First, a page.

Make Money in High-Potential Health-Care Growers


Exchange-traded funds offer a convenient way to invest in sectors or niches that interest you. If you'd like to add some health-care stocks to your portfolio, the First Trust Health Care AlphaDEX ETF could save you a lot of trouble. Instead of trying to figure out which companies will perform best, you can use this ETF to invest in lots of them simultaneously.

The basics
ETFs often sport lower expense ratios than their mutual fund cousins. The First Trust ETF's expense ratio -- its annual fee -- is 0.70 %. That's a bit more than many ETFs, but also considerably lower than the typical managed mutual fund.

This ETF has performed well, trouncing the world market over the past three and five years. As with most investments, of course, we can't expect outstanding performances in every quarter or year. Investors with conviction need to wait for their holdings to deliver.

Why health care?
For starters, our planet's growing and aging population will keep demand rising for health-care products and services. On top of that, Obamacare is likely to usher more Americans into health coverage, delivering more consumers to companies treating them.

More than a handful of health-care companies had strong performances over the past year. Onyx Pharmaceuticals , for example, popped by 81%, largely due to FDA approvals of its multiple myeloma drug Kyprolis and its colorectal cancer drug Stivarga, and despite a failure for its liver-cancer drug Nexavar. There has been some speculation that Onyx's Nexavar partner, Bayer, might buy the whole company, for the rest of its pipeline. In the meantime Onyx, like other biotechs, has some worried about dilution as it issues more shares to raise funds.

Regeneron soared 76%, thanks to its Eyelea, a successful treatment for macular degeneration. Better still, the drug has received approval in Europe as well. Regeneron also has other promising drugs in its pipeline, such as some tackling cancer that it's developing with partners. While some think it's now valued too high, others find it attractive since it has so much growth potential.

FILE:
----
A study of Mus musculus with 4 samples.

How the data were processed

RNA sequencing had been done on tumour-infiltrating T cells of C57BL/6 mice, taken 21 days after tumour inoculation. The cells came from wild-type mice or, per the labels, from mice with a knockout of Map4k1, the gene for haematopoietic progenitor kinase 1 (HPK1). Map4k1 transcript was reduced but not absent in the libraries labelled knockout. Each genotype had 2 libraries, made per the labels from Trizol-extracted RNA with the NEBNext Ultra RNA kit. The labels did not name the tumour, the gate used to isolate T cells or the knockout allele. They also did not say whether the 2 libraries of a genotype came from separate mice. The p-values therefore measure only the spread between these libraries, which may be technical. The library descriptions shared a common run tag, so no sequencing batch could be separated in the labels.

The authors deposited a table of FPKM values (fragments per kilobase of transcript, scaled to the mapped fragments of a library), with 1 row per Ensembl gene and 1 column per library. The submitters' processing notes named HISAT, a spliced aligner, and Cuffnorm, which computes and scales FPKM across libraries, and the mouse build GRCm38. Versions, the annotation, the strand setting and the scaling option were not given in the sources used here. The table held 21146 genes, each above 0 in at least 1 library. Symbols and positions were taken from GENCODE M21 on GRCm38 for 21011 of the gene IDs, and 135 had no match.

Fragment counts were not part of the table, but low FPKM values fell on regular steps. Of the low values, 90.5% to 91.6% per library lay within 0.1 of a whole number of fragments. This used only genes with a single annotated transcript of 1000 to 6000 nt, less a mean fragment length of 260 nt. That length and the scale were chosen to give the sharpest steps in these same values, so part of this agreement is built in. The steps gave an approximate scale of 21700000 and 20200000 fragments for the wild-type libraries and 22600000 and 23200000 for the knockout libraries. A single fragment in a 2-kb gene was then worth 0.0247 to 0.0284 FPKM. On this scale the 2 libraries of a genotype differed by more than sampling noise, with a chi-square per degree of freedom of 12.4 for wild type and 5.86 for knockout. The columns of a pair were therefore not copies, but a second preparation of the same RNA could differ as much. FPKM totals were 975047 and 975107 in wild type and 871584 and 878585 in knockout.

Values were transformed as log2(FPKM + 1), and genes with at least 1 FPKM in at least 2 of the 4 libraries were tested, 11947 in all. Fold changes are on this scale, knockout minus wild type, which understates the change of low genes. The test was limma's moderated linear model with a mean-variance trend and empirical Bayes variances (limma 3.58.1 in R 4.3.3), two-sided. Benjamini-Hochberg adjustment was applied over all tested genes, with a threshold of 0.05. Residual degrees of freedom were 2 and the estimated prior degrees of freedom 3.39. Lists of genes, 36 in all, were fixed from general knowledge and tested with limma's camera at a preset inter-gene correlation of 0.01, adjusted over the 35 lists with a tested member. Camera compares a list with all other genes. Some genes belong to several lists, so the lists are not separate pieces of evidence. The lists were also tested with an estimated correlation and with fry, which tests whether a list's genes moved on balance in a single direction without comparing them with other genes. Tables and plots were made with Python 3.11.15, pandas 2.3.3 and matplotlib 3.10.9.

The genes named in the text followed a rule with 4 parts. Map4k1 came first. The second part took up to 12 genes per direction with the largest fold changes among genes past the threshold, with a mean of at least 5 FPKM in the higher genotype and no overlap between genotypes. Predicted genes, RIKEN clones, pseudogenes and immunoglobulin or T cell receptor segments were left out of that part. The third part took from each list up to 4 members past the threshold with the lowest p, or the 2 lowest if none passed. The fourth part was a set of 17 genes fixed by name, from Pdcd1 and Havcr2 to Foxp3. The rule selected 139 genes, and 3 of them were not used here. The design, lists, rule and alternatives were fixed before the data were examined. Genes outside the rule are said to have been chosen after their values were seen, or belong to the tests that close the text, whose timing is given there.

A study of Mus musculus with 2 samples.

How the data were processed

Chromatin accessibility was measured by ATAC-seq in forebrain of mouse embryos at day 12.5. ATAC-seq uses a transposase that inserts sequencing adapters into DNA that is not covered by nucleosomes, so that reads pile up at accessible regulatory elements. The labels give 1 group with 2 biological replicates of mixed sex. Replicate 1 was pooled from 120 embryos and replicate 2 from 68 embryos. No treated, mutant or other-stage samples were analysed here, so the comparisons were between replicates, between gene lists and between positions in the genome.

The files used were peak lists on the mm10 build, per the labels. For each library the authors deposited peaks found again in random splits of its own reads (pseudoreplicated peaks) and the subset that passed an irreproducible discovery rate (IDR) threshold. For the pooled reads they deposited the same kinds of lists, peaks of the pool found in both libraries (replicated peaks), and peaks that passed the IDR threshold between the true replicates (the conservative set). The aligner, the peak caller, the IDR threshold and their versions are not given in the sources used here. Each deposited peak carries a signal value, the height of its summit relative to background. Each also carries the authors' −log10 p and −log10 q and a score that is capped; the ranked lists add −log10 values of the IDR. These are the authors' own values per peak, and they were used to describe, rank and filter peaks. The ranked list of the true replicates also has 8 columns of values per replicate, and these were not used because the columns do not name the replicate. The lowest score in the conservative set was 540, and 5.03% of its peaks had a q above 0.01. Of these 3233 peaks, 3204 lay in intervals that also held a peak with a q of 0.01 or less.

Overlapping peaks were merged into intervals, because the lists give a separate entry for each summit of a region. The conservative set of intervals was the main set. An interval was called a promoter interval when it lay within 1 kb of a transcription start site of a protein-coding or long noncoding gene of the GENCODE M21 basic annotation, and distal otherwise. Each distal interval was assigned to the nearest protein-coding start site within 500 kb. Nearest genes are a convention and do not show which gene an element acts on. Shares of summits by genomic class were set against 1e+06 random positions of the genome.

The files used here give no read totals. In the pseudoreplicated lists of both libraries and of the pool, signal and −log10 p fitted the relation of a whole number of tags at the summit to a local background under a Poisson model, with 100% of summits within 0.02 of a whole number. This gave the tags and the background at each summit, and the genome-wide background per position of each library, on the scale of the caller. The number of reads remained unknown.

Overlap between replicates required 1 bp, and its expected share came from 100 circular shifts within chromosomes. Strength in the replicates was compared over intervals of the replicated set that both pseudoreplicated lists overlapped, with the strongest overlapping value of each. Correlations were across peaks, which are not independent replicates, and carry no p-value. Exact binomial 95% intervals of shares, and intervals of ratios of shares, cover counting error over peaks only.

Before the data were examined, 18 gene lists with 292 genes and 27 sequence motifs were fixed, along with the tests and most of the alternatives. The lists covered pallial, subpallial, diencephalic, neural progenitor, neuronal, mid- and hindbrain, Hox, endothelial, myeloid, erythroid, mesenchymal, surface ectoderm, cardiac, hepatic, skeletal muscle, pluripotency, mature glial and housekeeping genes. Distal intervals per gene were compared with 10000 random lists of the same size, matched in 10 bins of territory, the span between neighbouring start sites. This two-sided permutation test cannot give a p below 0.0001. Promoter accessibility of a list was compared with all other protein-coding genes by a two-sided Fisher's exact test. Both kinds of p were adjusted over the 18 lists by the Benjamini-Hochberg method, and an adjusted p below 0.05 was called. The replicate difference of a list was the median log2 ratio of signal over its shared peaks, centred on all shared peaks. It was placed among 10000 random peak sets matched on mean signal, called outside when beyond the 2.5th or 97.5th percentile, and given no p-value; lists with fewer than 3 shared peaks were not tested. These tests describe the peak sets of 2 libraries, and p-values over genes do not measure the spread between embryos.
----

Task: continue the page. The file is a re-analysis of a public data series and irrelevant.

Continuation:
ARIAD Pharmaceuticals , up 27%, received FDA approval for its leukemia drug ponatinib, now known as Iclusig. Its bone-tumor drug ridaforolimus was rejected in Europe, but it might still prove effective against other cancers. Recent quarterly results were mixed, with cash burn a concern as losses increase, which is why it recently issued more shares to raise more than $300 million. The company has been spending heavily on research and development, and it needs some more success from its pipeline, as well as a successful launch of Iclusig.

Alexion Pharmaceuticals rose 21%. It's a biotech company that focuses on rare diseases, with its Soliris drug selling well as it treats paroxysmal nocturnal hemoglobinuria (a cause of anemia) and atypical hemolytic uremic syndrome. On the plus side, Soliris is competition-free for the near future. On the negative side, it's the most expensive drug in the world, costing $400,000 annually. With the company's market cap around $18 billion, a good case can be made that it's overvalued, especially for a one-drug company.

The big picture
Demand for health care isn't going away anytime soon. A well-chosen ETF can grant you instant diversification across any industry or group of companies -- and make investing in and profiting from it that much easier.